A sample of anonymous letter sent to a Holt resident.

Do you recognise this handwriting? Holt’s peaceful charm is rocked by a series of poisonous letters - threatening elderly recipients

Wednesday, June 4, 2014
12.31 PM

The peaceful charm of a north Norfolk town has been rocked by a poisonous letter writer - threatening elderly recipients.

Holt residents have received malicious letter from a mystery sender. Holt town centre.
PHOTO: ANTONY KELLYHolt residents have received malicious letter from a mystery sender. Holt town centre. PHOTO: ANTONY KELLY

At least 15 anonymous letters have been sent in and around market-town of Holt in the last year, containing personal threats, lies and abuse.

And police believe the sender lives among the town community, writing each letter by hand and sending it directly to the chosen targets.

The mystery began to reveal itself when the victims, who wished to remain anonymous, started to bring the malicious letters into police stations and police surgeries in the area.

The insidious crime in a town best known for shopping boutiques, cafe society and its historic independent-school Gresham’s has left people shocked.

Local reaction

Holt town councillor Maggie Prior said incidents like this were unusual for Holt. She said: “This was the first I have heard of it, which is unusual in a small town. It is very worrying.”

Denise Benbow, 51, of Benbow’s Greengrocers, said she couldn’t imagine it happening in Holt. She said: “Holt is one of the last places you would think this would happen because we get on with everybody.

“You never get any trouble and I thought somebody would have said something as people talk about what is going on when they come in the shop.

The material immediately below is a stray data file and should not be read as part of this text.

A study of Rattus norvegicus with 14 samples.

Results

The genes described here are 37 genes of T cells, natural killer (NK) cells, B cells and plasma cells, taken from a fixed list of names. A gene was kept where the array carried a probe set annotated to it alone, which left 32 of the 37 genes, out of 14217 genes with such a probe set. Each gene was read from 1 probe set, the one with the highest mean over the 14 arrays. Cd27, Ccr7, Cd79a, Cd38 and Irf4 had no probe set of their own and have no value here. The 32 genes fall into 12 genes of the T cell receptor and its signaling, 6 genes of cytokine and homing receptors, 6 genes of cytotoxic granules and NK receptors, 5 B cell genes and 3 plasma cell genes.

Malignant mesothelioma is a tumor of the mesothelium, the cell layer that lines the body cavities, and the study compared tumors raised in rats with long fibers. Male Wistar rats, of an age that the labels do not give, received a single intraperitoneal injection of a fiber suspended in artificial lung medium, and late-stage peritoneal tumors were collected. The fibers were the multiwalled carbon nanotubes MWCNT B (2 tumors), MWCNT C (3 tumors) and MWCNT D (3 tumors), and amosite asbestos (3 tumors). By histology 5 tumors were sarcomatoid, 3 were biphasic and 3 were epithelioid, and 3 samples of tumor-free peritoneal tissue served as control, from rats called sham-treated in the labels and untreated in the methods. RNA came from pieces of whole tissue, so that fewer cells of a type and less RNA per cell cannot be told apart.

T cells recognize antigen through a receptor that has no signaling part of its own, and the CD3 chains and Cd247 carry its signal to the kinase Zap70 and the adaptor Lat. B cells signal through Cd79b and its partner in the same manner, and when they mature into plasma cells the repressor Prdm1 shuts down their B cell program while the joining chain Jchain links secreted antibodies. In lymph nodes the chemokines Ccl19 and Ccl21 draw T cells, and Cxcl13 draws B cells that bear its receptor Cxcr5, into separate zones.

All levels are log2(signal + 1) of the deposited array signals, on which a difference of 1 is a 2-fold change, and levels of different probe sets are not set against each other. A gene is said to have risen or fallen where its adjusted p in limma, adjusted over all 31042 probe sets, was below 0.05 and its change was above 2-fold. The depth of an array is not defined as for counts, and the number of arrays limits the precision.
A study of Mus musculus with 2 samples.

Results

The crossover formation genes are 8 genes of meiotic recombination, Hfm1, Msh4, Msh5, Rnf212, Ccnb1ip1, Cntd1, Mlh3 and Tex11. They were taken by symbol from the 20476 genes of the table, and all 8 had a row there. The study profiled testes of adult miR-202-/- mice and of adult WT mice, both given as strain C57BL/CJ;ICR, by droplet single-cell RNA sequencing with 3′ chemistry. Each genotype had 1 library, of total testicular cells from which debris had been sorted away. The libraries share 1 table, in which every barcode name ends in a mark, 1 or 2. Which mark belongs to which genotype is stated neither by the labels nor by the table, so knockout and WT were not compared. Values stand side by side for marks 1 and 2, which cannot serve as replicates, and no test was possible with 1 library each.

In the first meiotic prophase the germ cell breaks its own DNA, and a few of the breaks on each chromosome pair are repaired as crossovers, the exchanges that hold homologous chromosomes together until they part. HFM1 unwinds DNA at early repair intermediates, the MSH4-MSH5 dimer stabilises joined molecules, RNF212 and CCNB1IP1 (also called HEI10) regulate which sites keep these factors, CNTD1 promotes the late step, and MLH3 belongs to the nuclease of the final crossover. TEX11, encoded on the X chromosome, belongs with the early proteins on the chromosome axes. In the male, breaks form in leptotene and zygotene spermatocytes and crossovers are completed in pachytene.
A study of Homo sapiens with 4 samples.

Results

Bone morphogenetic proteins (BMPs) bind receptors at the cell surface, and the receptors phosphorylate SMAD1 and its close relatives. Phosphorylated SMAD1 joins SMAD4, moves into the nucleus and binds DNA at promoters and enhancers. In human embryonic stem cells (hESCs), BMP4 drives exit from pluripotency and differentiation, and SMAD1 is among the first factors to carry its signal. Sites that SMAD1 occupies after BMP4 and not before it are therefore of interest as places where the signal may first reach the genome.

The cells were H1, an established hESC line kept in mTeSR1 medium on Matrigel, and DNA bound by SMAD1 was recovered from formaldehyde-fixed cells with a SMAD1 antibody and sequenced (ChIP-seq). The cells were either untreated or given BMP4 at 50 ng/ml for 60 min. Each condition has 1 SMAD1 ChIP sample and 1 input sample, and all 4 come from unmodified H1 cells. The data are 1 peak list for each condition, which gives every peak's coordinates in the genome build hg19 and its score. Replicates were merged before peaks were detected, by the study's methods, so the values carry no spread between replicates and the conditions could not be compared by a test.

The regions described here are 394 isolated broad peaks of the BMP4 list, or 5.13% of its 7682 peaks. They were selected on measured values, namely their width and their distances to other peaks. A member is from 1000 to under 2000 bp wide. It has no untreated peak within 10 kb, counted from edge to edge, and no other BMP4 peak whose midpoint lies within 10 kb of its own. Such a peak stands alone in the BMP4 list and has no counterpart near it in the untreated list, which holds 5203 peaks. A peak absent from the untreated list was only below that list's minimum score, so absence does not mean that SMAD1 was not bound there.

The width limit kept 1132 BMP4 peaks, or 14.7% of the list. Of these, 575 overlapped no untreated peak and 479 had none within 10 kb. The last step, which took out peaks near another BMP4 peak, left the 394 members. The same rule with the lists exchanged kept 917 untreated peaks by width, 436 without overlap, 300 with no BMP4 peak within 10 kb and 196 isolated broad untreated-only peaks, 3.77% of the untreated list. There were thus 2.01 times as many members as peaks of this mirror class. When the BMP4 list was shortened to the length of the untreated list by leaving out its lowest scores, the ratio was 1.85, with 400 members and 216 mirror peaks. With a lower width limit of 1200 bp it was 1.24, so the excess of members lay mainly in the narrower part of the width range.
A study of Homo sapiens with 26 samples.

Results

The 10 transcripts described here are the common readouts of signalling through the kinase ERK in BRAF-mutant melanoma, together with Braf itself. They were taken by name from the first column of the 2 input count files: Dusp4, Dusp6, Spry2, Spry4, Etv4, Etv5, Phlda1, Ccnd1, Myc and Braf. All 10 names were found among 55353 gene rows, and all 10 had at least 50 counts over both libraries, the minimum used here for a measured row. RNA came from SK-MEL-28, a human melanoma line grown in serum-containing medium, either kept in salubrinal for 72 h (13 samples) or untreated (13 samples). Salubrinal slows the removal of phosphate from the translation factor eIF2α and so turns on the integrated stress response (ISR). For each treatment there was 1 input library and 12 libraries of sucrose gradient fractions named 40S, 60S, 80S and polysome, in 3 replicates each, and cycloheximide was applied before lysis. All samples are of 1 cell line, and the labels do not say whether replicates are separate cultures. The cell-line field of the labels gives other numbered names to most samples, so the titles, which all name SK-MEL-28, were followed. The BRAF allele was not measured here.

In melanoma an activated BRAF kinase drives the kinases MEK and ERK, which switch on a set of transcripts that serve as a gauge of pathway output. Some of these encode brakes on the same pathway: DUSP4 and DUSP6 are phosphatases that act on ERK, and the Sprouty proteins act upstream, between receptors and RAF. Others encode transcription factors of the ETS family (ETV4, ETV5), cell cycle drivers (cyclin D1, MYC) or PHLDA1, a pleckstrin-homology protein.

“A lot of our customers are elderly and we see a lot of people in the course of a week.”

Spencer Finn, 64, of Finns for Fish, said: “I haven’t heard anything but whoever got the letters might not want to talk in public about it.

“Holt is a quiet town with an elderly population.”

Holt Town Council chairman Bryan Payne said he had heard nothing about the letters

He said: “I am surprised something like this would happen in Holt. If people cannot put their name to something they shouldn’t send it.

“It the letters have gone to the police they must be quite serious.

Paul Reed, 44, of P and S Butchers has worked in Holt for 20 years. He said: “I hadn’t heard anything about it but it is not pleasant. We don’t want any crime in Holt.”

Holt Town Council chairman Bryan Payne said he had heard nothing about the letters. He said: “I am surprised something like this would happen in Holt. If people cannot put their name to something they shouldn’t send it.

“It the letters have gone to the police they must be quite serious.

Father Howard Stoker, of Holt Parish Church, said to have received a letter must have been an awful experience.

He said: “I think you would not want to get of one of these letters and to receive one must have felt threatening.

“Particularly if they are elderly then the letters are preying on their vulnerability and you cannot help but take these things personally.”

And now, in an effort to trace the offender, police have released a sample of the letters - hoping the handwriting will provide a telling clue.

The sample letter reads: “The longer you leave it the sooner you will have to vacate the property.”

Another snippet released by police, although not legible, shows the distinct handwriting of the offender.

Police believe the letters came from the same person, as the handwriting is similar in many cases.

They could not confirm if the offender was a man or a woman, but said he or she had targeted the same person several times in the course of a year.

There is no common link between the recipients and police believe there could be more victims who have yet to report the letters or who threw them away and have called for these people to speak out to help the investigation.

Police Constable Anna Rooke said: “We are asking anyone who may have received something like this in Holt or the surrounding villages to come forward.

“It is an offence under section 1 of the Malicious Communications Act 1998 to send an indecent or threatening letter, electronic communication or other article to another person.”

PC Rooke said the offence was punishable by up to six months in prison and a maximum find of £5,000.

Anyone who receives any malicious communications should contact PCSO Keith Clarke at Holt Police Station on 101 or alternatively Crimestopper anonymously on 0800 555 111.